European markets erased early morning gains to close sharply lower Thursday afternoon, as market sentiment soured and a global sell-off in risk assets resumed.
The pan-European Euro Stoxx 600 index closed down 1.75 percent provisionally, after a slightly higher start with markets in the region reopening after the Christmas holidays. Germany’s DAX led the declines, down nearly 2.4 percent, and the Italian FTSE MIB slid 1.8 percent, as those markets missed out on heavy losses seen Monday when both were shut.
The Stoxx 600 is in correction territory and was around 17 percent off its most recent 52-week high as markets opened Thursday. The DAX is in bear market territory, around 22 percent off its most recent 52-week high. It’s also on track for its worst month since January 2016 and its worst year since 2008.
A dramatic surge in U.S. stocks provided some relief to global markets overnight, with the Dow Jones Industrial Average gaining more than 1,000 points in Wednesday’s trading session. However on Thursday, Wall Street traded sharply lower, giving back some of the strong gains from the previous day, amid renewed tensions between China and the United States.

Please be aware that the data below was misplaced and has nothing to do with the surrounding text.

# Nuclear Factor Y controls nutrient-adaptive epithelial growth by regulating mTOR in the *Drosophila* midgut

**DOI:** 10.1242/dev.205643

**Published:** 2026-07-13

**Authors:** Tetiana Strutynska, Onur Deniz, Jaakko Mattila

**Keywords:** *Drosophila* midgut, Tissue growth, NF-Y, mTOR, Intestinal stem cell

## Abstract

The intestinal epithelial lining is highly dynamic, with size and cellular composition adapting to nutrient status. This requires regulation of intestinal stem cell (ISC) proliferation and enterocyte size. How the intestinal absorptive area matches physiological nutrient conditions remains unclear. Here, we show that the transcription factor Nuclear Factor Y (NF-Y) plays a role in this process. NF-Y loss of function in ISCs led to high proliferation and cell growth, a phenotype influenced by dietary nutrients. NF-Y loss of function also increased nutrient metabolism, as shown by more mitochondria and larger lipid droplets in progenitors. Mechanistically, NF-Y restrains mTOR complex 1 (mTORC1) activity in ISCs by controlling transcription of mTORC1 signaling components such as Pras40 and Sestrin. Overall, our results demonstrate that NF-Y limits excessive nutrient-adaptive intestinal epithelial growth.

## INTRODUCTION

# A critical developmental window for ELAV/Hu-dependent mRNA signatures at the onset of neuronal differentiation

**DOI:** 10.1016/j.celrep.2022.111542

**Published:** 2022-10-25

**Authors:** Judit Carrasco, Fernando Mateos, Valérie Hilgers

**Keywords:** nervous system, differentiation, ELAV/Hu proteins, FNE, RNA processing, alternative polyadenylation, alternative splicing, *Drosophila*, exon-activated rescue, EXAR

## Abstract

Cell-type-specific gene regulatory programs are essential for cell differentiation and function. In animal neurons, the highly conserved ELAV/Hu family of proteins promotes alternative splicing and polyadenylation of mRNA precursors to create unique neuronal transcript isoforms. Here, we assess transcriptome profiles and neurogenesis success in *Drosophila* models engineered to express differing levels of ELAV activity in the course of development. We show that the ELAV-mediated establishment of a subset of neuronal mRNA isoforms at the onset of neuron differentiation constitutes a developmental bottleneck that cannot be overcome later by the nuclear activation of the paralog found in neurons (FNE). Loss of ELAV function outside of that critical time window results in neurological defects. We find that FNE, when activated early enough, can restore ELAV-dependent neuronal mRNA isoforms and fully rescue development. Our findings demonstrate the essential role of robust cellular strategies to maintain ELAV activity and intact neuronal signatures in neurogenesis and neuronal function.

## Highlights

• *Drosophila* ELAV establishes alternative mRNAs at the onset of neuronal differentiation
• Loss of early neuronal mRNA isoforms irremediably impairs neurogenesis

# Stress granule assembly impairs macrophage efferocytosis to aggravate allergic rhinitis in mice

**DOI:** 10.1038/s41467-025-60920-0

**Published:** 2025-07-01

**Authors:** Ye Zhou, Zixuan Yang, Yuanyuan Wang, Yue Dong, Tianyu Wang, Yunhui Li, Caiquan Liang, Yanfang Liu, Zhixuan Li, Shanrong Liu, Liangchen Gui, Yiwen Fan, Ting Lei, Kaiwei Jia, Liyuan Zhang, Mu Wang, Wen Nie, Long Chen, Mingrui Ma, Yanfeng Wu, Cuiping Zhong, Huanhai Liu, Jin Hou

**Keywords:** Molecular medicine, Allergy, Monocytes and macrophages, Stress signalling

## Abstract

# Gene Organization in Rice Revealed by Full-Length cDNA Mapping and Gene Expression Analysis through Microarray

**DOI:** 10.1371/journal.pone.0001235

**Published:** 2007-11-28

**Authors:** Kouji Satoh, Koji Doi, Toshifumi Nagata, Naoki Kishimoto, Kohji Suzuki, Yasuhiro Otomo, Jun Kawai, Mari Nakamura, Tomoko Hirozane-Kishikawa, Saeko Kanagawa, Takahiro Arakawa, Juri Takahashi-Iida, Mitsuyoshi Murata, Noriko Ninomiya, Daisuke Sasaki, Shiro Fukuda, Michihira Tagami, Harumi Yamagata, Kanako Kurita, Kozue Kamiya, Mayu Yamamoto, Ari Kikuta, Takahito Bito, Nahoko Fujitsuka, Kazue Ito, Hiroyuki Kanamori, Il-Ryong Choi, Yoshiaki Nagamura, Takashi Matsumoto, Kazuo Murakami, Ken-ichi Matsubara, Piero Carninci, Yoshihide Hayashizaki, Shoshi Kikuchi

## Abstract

Reuters reported, citing three sources familiar with the situation, that President Donald Trump is considering an executive order to ban U.S. companies from using equipment built by Chinese firms Huawei and ZTE.
Back in Europe, France’s Vinci Airports announced it will buy a majority stake in London Gatwick for $3.7 billion, sending Vinci stocks 1 percent higher in early deals. The stock closed the day up just 0.14 percent.
In Italy, banking stocks were lower after Banca Carige’s top investor blocked a vital 400 million euro share issue for the lender, Reuters reported.
—CNBC’s Eustance Huang and Fred Imbert contributed to this article.